RobustHeap: using the heap to improve reliability and security

RobustHeap and DH (formerly DieHard) are memory allocators that include a number of features to provide tolerance or detection of memory errors related to out-of-bounds writes and use of dangling pointers.

Overview:

RobustHeap and DH (formerly DieHard) are memory allocators that include a number of features to provide tolerance or detection of memory errors related to out-of-bounds writes, use of dangling (already deleted) pointers, and indirectly, reads from uninitialized memory. RobustHeap and DieHard both rely on randomized object allocation; instead of being sequentially allocated and coalesced, objects are allocated at random from large memory areas, providing over-provisioning (extra space, which can tolerate overwrites) and security (object adjacencies cannot be predicted). Both heaps have a number of parameters designed to trade off between the foregoing and performance.

DH was developed externally by Emery Berger and is available for download both in source and object form. DieHard can be used to harden the Firefox browser and does not require any changes to the Firefox installation to use.

RobustHeap was developed for Microsoft internal use by Ted Hart and Ben Zorn as an experimental platform for increasing the robustness of Microsoft applications. RobustHeap has two primary usage scenarios:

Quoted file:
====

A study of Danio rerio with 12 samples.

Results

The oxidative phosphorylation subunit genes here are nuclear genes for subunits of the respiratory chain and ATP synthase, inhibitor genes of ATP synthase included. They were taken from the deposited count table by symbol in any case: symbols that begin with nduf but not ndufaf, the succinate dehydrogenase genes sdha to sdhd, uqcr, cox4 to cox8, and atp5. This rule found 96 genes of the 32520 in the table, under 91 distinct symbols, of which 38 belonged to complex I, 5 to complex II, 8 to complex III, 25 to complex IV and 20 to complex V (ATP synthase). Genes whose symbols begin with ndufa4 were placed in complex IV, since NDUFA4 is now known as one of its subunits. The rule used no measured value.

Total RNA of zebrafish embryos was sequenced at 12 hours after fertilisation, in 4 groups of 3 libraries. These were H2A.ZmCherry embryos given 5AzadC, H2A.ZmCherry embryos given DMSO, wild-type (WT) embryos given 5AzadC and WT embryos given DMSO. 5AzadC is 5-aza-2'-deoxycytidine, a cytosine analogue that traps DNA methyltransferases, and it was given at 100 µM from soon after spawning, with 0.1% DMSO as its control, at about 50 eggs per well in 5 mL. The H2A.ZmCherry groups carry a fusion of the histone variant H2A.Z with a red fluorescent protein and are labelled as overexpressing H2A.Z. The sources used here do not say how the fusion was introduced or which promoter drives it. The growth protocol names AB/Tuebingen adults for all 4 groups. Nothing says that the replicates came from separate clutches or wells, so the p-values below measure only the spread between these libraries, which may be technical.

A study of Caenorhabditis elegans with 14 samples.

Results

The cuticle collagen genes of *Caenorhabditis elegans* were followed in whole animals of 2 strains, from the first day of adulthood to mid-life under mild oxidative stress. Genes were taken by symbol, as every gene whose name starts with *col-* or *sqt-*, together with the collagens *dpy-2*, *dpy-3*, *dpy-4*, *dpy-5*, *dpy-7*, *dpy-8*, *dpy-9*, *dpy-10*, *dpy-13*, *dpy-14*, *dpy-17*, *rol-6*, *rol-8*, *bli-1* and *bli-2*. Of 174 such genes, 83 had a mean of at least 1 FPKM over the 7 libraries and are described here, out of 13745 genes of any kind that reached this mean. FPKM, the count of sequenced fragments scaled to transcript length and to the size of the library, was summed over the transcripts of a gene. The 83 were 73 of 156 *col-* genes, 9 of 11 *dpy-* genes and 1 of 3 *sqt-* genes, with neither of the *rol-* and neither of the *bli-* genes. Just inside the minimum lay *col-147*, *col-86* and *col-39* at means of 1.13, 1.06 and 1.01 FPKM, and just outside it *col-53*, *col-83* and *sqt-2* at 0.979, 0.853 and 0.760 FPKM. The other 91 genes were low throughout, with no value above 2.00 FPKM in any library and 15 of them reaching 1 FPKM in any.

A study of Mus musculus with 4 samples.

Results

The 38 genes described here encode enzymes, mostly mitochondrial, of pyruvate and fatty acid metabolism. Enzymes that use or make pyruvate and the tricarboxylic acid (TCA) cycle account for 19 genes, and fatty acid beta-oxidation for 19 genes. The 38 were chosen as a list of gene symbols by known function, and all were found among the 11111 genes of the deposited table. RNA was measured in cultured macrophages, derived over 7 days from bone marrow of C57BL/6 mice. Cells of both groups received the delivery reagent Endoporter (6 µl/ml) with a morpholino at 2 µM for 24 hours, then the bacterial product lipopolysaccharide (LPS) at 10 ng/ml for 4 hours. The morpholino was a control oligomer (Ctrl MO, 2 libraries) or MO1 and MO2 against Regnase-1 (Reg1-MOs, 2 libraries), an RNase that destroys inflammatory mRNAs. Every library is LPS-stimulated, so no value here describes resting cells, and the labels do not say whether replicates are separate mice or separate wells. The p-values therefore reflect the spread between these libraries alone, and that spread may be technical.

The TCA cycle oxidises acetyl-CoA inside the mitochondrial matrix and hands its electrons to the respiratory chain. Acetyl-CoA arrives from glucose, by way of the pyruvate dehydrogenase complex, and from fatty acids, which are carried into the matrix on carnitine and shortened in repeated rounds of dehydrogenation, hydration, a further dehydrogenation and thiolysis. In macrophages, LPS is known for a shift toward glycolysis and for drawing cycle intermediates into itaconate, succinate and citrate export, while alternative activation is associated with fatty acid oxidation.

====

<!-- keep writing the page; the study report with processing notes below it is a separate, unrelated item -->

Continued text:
• Fault tolerant mode: RobustHeap can provide fault tolerance in applications where memory corruption errors would normally cause early program termination or incorrect results. With extra empty space between objects and random object reuse, buffer overrun errors and dangling pointer errors,

    which would often cause memory corruptions in a normal heap, have less impact in RobustHeap and the impact can be reduced by increasing the heap expansion factor.

  • Memory corruption detection: RobustHeap allows unused space in the heap to be filled with canaries that are checked periodically for corruptions. Because the heap is over-provisioned, a larger fraction of the heap contains canary values that will be detected if corrupted. Because objects are allocated and freed in random locations, checking canaries in adjacent objects provides a probabilistic scan of the heap at regular intervals.